I recently did an end of season Loan Review, which featured a certain signing from the summer of 2016. In that year, Lucas Perez left Deportivo La Coruña to join up with the Arsenal but found life difficult in north London. So, after just one season, he re-joined the Spanish club on loan.
However, with the La Liga side relegated, it is clear that the Spaniard will return to the Emirates. Just what could he bring to Unai Emery‘s team? Well, let’s discuss that.
Could Lucas Perez Figure at Arsenal?
A year after signing Lucas Perez, the Gunners laid out their largest transfer fee ever paid for a player, striker Alexandre Lacazette. The club followed the feat six months later by doing the same thing, this time with Pierre-Emerick Aubameyang.
Although striker is Perez’s preferred position, it seems very unlikely that we will see him as a number nine in this team anytime soon. While the Spaniard can also play on the right, the January acquisition of Henrikh Mkhitaryan would preclude Perez from taking the starting spot on that flank.
However, on the left side of attack, the team’s only real options are an often-unimpressive Danny Welbeck, an out-of-position Aubameyang or the still-developing Reiss Nelson. The front four of Lacazette, Aubameyang, Mkhitaryan plus Mesut Özil, however, makes his inclusion even on the left wing unlikely.
The team just can’t justify keeping five attacking players in the starting XI, especially when the central midfielders don’t do much to protect the back line. However, that doesn’t mean Lucas Perez can’t make an impact in the squad.
Strength Through Depth
Last season, the club began the campaign with the Premier League’s largest squad. The likes of Olivier Giroud and Theo Walcott, despite being long-time regulars, were relegated to a rotation role. This allowed Wenger to keep a fresh team for both the league and cups.
With Arsenal again playing in the Europa League, a similar rotation policy makes good sense.
So, assuming the normal front four will be preserved for the Premiership, that opens the door for a number of depth players to get minutes. In such a situation, including Lucas Perez also makes sense.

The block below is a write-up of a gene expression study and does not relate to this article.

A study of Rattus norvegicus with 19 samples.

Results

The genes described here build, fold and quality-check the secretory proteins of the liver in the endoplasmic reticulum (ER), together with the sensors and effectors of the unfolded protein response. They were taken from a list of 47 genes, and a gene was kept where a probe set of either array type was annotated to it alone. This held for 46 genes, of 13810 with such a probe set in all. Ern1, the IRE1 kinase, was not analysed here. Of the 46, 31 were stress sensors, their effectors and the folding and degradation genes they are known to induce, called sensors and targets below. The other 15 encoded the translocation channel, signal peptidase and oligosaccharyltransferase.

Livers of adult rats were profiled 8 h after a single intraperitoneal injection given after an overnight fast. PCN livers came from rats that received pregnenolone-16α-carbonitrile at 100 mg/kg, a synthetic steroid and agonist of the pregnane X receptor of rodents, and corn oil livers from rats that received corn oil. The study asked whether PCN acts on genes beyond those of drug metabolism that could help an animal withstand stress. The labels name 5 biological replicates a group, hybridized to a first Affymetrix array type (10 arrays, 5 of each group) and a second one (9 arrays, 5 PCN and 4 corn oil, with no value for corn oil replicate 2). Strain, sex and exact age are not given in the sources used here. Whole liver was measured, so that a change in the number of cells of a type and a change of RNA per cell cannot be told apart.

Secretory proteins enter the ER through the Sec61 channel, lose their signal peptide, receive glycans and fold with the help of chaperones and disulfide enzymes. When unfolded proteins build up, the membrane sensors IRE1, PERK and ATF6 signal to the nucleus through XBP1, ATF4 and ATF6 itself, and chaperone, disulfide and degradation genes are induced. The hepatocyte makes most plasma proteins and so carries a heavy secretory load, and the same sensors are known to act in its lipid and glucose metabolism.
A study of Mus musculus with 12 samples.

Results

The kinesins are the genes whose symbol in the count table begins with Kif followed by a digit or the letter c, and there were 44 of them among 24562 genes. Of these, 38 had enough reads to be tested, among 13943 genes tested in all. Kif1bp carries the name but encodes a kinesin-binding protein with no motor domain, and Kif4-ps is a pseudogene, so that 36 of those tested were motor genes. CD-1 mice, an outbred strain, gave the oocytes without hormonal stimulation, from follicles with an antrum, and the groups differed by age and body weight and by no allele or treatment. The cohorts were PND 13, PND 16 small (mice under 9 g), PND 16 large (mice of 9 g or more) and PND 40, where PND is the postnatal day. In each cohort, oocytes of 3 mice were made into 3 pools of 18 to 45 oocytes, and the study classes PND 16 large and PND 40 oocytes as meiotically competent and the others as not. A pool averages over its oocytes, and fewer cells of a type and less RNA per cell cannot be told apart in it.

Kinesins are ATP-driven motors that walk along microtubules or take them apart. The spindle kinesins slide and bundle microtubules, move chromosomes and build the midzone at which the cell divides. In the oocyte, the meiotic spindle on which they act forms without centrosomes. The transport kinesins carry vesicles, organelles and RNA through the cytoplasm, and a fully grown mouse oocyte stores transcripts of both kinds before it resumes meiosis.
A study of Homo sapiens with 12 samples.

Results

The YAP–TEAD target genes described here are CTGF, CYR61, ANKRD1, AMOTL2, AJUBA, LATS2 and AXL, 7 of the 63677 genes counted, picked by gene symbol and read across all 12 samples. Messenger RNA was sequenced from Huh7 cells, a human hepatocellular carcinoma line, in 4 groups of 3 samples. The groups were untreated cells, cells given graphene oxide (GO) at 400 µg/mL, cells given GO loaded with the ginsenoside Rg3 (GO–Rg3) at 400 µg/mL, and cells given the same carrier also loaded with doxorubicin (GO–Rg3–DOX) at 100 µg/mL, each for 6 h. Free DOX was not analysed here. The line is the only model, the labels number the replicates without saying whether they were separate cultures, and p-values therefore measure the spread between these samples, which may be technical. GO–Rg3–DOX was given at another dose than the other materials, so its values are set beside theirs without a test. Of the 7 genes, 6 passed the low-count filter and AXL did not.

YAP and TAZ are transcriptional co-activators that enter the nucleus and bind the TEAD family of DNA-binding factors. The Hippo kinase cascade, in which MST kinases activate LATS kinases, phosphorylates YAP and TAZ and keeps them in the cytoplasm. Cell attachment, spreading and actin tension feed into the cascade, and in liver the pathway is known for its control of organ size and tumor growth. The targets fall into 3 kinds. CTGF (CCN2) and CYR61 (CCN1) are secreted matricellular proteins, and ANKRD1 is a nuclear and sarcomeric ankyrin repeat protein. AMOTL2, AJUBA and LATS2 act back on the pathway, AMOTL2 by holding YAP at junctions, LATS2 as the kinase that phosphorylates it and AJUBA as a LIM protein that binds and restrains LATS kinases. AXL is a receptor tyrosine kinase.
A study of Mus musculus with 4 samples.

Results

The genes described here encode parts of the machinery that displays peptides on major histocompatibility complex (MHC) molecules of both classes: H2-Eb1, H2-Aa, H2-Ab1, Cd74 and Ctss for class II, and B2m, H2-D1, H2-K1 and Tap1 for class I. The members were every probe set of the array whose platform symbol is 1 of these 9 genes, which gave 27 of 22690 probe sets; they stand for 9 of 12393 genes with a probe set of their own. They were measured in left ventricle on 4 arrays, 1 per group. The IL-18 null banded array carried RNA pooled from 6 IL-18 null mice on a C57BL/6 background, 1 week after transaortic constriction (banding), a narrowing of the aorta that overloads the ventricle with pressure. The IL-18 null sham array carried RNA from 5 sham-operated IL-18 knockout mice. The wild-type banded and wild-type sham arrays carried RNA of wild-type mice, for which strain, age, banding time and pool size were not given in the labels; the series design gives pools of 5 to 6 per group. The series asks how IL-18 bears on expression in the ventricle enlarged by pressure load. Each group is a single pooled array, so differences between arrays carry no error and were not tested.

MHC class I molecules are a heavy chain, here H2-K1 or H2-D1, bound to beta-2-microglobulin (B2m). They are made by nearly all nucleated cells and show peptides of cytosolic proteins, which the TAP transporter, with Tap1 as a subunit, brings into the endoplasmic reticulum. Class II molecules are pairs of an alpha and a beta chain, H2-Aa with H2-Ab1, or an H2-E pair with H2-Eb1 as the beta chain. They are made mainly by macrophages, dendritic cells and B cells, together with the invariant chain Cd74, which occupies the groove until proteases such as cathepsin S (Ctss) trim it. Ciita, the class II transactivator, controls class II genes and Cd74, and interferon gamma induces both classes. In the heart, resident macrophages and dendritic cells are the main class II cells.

There will be a strong youth presence in such a ‘B’ team, but that doesn’t mean there won’t be room for a veteran. Let’s examine the expected rotated attack.
Danny Welbeck, assuming he is still at the club come August, would be on the list, as would Alex Iwobi. If not sent out on loan, we can add Nelson and Eddie Nketiah as well.
Perez, Welbeck, Iwobi and Nelson can all play the flanks. Probably Welbeck’s best position right now is on the left, Iwobi can play almost anywhere up front, and the same is true for Perez. While all five couldn’t play at the same time, there would be minutes for all between the Carabao Cup and Europa League.
And, again, that is if neither Nelson or Nketiah go out on loan.
If Emery continues Wenger’s rotation policy, we see that there is room for Perez.
Let’s discuss some possible scenarios. For example, what if Lucas Perez is deemed surplus to requirement? The team paid about £17 million for the player in 2016, just what kind of return could we get?
Well, Perez struggled mightily during his Deportivo return. He scored just nine goals from 36 league appearances. Add that to his lone Premier League strike from the 2016-2017 season, and he has barely got to double-digits in goals over the past two full years.
Plus, the player turns 30 in September. While not a kiss of death, that is a sort of turning point in a player’s career when they begin to decline instead of improve. So, all signs indicate a small transfer fee.
Just how much good would, for argument’s sake, five million pounds do for this team? Such a sum is peanuts, even for the self-sustaining Arsenal.
The only real reason not to welcome the payer back, in a small role, is if he does not wish to return. In such a case, any petty transfer sum would do more good than Perez would in north London.
Lucas Perez won’t have a large role to play, at least at first, if he does come back to the club. However, his veteran know-how and flexibility in position would allow for at least a small contribution in the cups and Europa League.
While he won’t solve this team’s issues, the striker should get a chance.